When the public debate turns to whether the U.S. military should reconsider its policy of leaving no soldier behind in war, you know the public debate over Bowe Bergdahl is fever fueled.
It all stems from the prisoner exchange for Bergdahl, the Army sergeant who may or may not have deserted his post in Afghanistan, where he and his colleagues were — if you follow the recent Memorial Day speeches — fighting for our freedom, including our right to try a man in public before waiting for any details surrounding his late-night walk into the arms of the Taliban.
Maybe he did. Maybe he didn’t. But the talk shows, politicians, and echo chambers have the story in an election year now, so we’ll have to wade through the muck to eventually learn the real story. Patience to do so really isn’t our “thing,” however.
Today, the Star Tribune rips them all in a no-holds-barred editorial that calls the public reaction “a national disgrace.”
Sorry, we must have missed the asterisk tacked onto those “support our troops” bumper stickers. From the uproar over Bergdahl’s release after five years of captivity, it looks as if that support was only for those serving who never made a mistake on the front lines.
And if there isn’t national consensus on the right ratio of enemy prisoners to one American soldier? Or if the approval process was expedited for an American soldier’s release? Tough luck.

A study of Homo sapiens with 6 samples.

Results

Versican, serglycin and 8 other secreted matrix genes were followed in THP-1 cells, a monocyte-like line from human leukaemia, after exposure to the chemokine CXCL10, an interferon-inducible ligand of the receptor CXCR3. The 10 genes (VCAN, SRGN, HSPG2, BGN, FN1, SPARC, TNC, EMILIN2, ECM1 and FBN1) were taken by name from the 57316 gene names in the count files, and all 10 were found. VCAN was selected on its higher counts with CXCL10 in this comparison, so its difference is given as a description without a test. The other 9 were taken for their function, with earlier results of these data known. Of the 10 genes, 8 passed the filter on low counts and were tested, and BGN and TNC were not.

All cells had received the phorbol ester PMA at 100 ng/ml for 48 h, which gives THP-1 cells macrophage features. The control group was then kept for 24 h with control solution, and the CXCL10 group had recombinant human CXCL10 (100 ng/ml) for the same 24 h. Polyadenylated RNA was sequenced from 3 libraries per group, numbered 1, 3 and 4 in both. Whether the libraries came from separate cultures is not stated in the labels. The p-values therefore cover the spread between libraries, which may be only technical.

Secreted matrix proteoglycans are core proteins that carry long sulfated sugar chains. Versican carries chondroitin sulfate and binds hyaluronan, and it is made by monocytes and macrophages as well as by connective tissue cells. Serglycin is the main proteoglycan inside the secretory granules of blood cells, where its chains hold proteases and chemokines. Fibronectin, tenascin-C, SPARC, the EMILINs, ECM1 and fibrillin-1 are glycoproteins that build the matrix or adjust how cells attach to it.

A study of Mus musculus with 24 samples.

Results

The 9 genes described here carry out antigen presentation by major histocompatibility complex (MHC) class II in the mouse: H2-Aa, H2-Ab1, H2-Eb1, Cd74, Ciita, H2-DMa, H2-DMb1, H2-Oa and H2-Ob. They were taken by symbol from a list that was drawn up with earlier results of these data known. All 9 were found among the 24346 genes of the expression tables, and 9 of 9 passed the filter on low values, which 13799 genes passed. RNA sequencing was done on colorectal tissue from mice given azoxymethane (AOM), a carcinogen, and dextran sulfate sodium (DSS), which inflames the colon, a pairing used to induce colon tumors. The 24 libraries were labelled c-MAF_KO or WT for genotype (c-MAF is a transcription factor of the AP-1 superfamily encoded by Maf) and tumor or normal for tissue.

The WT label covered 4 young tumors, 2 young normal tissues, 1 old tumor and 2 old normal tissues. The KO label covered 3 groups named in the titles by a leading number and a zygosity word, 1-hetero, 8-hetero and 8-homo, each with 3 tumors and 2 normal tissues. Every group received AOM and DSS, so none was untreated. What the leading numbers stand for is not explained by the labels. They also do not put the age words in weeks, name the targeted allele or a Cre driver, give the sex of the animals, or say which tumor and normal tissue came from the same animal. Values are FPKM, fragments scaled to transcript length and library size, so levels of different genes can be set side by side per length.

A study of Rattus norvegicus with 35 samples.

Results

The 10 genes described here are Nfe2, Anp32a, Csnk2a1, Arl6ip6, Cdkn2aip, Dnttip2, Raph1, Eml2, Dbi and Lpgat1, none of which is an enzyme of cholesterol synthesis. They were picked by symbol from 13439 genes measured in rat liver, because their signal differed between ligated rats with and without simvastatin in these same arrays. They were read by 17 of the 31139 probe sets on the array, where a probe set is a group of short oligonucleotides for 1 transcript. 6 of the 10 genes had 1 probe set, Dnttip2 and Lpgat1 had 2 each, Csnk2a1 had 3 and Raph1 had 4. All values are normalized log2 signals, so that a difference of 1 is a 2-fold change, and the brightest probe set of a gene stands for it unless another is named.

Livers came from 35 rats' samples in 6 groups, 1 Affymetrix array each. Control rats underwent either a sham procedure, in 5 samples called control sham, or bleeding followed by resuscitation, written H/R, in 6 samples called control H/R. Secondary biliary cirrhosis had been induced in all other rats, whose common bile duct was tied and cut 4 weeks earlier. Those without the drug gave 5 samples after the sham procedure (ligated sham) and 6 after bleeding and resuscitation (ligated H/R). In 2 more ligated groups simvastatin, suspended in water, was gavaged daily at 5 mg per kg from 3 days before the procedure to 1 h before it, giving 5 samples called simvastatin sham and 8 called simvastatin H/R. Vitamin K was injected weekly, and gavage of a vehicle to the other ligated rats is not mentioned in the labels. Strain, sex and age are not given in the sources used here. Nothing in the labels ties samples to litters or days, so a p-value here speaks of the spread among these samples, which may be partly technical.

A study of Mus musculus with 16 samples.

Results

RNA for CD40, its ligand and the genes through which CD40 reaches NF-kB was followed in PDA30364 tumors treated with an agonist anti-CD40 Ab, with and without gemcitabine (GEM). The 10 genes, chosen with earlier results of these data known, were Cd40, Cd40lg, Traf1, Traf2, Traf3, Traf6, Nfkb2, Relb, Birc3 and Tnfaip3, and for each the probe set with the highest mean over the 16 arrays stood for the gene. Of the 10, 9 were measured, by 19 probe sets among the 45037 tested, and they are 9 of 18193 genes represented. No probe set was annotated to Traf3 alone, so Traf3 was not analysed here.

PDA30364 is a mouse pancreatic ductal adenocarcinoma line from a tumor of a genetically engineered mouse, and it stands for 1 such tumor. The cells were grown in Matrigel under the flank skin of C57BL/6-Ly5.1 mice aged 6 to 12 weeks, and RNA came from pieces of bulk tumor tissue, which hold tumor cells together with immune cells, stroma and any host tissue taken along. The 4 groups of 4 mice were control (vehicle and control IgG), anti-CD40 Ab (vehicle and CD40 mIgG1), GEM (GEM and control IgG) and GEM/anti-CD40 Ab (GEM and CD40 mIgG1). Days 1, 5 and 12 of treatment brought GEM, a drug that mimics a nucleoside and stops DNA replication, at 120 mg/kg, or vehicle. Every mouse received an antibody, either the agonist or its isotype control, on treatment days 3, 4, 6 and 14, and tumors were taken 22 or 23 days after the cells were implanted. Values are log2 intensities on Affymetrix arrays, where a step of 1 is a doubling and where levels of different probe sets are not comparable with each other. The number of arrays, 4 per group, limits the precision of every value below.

“The message sent by Bergdahl’s return is that Americans don’t leave their own behind, no matter what. That is a sign of strength, not a sign of weakness,” the Strib says.
They’re questioning that now, too, the New York Times says in an article today.
“I will never leave a fallen comrade to fall into the hands of the enemy,” the Army Ranger creed states.
“We don’t leave soldiers on the battlefield under any circumstance unless they have actually joined the enemy army,” John Bellinger, a top State Department lawyer during the Bush administration, told Fox News yesterday. “He was a young 20-year-old. Young 20-year-olds make stupid decisions. I don’t think we’ll say if you make a stupid decision we’ll leave you in the hands of the Taliban.”
“The only question that required an immediate response was, did the United States want Bergdahl back and what were we willing to trade?” columnist Kathleen Parker writes today. “This was indeed a hard choice — and the answer had to be yes.”
Related: Inside the Obama administration’s debate over freeing Sgt. Bowe Bergdahl (The Washington Post).